By: Alex

By: Alex

Not all Commission decisions have the same value. For any particular point of law or economic analysis, some are more valuable precedents than others.

Merger control provides a good example. Phase one merger decisions are not necessarily reliable when it comes to assessing the gravity of the competition problem, or the appropriateness of the remedy. For example, I was in a case several years ago where, based on the parties’ own projections, the merged entity would have a commanding market share. The Phase I investigation suggested that the projections were plausible.

However, there was a real chance that a more detailed investigation would show that the concerns were not borne out – the market was rapidly developing, entry by other parties was possible. This would have required a second phase investigation to determine.

But the parties did not want a second phase. For perfectly legitimate commercial reasons, the parties wanted to close the case in Phase I. So they offered remedies sufficient to remedy the competition concerns assuming the concerns were borne out. An early clearance was more valuable to them than the remedies.

So what is the appropriate Commission response?

One possibility is that the Commission says that a Phase II investigation is necessary to see if the concerns are borne out and / or if the remedies are proportionate. That seems rather tough on the parties, and is legally questionable – does the Commission have the legal right to refuse remedies that are clearly sufficient, even if it has concerns that a detailed investigation might suggest they are overkill?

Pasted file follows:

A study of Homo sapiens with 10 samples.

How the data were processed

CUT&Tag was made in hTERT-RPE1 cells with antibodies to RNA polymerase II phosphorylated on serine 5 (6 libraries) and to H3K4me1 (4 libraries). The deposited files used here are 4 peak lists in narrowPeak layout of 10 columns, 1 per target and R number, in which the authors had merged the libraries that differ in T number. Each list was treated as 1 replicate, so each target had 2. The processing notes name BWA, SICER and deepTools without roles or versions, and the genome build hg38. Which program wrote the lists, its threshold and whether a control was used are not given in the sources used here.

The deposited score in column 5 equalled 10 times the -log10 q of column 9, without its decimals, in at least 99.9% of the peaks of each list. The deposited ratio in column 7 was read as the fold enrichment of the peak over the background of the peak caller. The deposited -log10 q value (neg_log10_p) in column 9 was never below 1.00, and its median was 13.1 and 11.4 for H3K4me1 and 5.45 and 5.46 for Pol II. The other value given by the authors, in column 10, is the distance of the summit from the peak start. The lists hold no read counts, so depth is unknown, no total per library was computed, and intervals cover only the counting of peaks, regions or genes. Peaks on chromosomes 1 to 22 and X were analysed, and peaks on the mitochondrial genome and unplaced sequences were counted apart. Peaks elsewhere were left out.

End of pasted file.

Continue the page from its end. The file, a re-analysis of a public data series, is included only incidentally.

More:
So Phase I remedy decisions have to be approached with some caution. Maybe there was a real problem, or maybe the parties simply wanted a quick decision.
Similarly when looking at decisions imposing fines, the Commission has to take every factor into account that might affect the size of the fine in the particular case – but it doesn’t have to take every factor into account that will not affect the size of the fine.

If the Commission uses an interpretation of the fining guidelines favourable to a company but which makes no difference to the fine in a particular case then that cannot necessarily be relied upon by another company where the interpretation would make a difference.

For example, the Commission guidelines provide that the value of sales will be based on the turnover in the last year of the cartel, unless that year was not representative, in which case an average turnover over the years of the cartel might be more appropriate. But if the turnover of the last year of the cartel was low, and that turnover nevertheless led to fines that would have been greater than the 10% cap, then the Commission may nevertheless take the last year for simplicity, knowing that it will make no difference to any of the addressees of the decision.

This does not mean that the decision is a good precedent for when it is or is not appropriate to use turnover of the last year as opposed to turnover over the years of the cartel.

A similar point would apply to any other factor that would tend to increase the fine if the fine would anyway be capped.

So decisions have to be read with understanding – or perhaps scepticism. Not all decisions are created equal.